What? You talking to me?

We live in deeds not years In thoughts not breaths In feelings not figures on a dial. We should count time by heart throbs. He most lives who thinks most, feels noblest, acts the best.”
― Philip James Bailey

(wary eyed pigeon, Boston, Massachusetts / Julie Cook / 2014)

When my son was a little boy, he and I spent a great deal of time together. And not that it’s odd for a mother to spend a great deal of time with her child, my child happened to be only child with our living in a separate community from the one in which I taught, way back in the middle of 20 acres of woods. I was pretty much his only playmate, up until it was time to start school. His dad worked long hours so it was often just the two of us.

A favorite pastime would often find us curled up on the couch watching his favorite shows, with cartoons being a big part of our viewing. My dad had spent time with me watching cartoons so it just seemed natural for me to do the same with my child. And I must admit that those are some of the best memories I have of those simple easy days spent contently together–nothing special, no big deal–just he and I simply enjoying being together and laughing as we watched a silly cartoon

One of the cartoons we both enjoyed watching was the Goodfeathers.


Goodfeathers was the cartoon’s world take on the movie the Goodfellas. I’d never seen the Goodfellas movie but I knew enough about the movie to know that it was a story about the Mob. The cartoon was so tongue and cheek and such a funny take on the stereotypical life of Italian Americans and Mob life that I think I probably enjoyed it as much, if not more, than my son–and if the truth be told, most likely on a vastly different level. That subtle little nuances that only I could pick up on.

The Goodfeathers even had their own version of Marlon Brando’s role from the Godfather–a role portrayed by the Godpigeon.

good feathers

And so it was, on an idle evening stroll, along a beautifully old victorian era street lined with the brownstones of days gone by, that I spied a lone pigeon lounging along the rim of a bird bath. My proximity to him seemed to make no never mind, so I stopped long enough to take his picture.

Later, when I was actually going through the myriad of pictures I’d taken throughout the day, I noted the wary eye this pigeon shot my way–with the immediate thought and words of a young Robert de Nero—“What, You talking to me?”
Which in turn immediately sent my thoughts tumbling back in time, many years prior to a delightful time of joy and innocence when a mom and her young son lived a simpler time of contentment. . .

(cookie and little cookie, on his wedding day / June 7, 2014 –and it should be noted, he’s little cookie 😉 )

5 comments on “What? You talking to me?

  1. phyllissnipes says:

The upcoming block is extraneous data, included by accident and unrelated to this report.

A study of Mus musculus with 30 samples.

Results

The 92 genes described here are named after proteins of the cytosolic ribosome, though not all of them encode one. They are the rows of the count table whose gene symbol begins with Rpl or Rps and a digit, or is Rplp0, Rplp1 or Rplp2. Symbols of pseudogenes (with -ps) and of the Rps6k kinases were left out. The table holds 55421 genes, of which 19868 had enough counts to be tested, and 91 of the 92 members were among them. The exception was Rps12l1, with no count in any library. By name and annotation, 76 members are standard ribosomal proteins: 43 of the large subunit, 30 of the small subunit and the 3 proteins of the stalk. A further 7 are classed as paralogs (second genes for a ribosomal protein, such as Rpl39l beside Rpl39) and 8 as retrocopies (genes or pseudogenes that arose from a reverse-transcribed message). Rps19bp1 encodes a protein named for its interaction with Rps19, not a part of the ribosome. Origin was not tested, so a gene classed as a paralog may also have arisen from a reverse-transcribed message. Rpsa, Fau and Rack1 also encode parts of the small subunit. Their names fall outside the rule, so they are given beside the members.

Making me teary-eyed this early in the day!!! This is about the most precious picture I’ve seen! A special bond no others can share…and that is good.

  2. Teary-eyed is right! What a precious picture of you and your son on his wedding day!!! And what sweet memories you have of the times you two spent together. Hugs and blessings, Natalie 🙂

  3. Lynda says:

    The memories of times with our children are so precious indeed. I feel so blessed that now I have more memories of times with grandchildren as well. The greatest gift we can give to anyone is time and being present in the moment with them. I’m experiencing time with the grandchildren for the next few weeks so I may not be able to be present to you and your blog but please know that I will be present for the little ones!!

    • Lynda don’t you worry about blog life—enjoy your grandkids!!! My husband’s mother passed away yesterday—the family is a dysfunctional mess and I could write a book about them—there has been a deep estrangement –and has so much to do with this family’s business— but she was my son’s only grandmother as my mom passed away long before he was born—it has been years since we’ve really seen her–but when he was little she was very dear to hime—we visited the funeral home this evening and it was certainly emotional for my son now grown remembering the grandmother he loved as a child—
      Make those memories!!!

      • Lynda says:

        Julie, your family is in my prayers at this difficult time. I don’t think there is a family that is not dysfunctional. I have also been thinking about you because we are in the process of moving my sister from the hospital to a retirement home. She is about 9 years older than I but has had a more difficult life in some ways and really cannot live on her own. I have thought about your dad in recent days and the challenges that you have faced. I am pleased that your son has happy memories of his grandmother for that is a real treasure. Thanks for your kind words.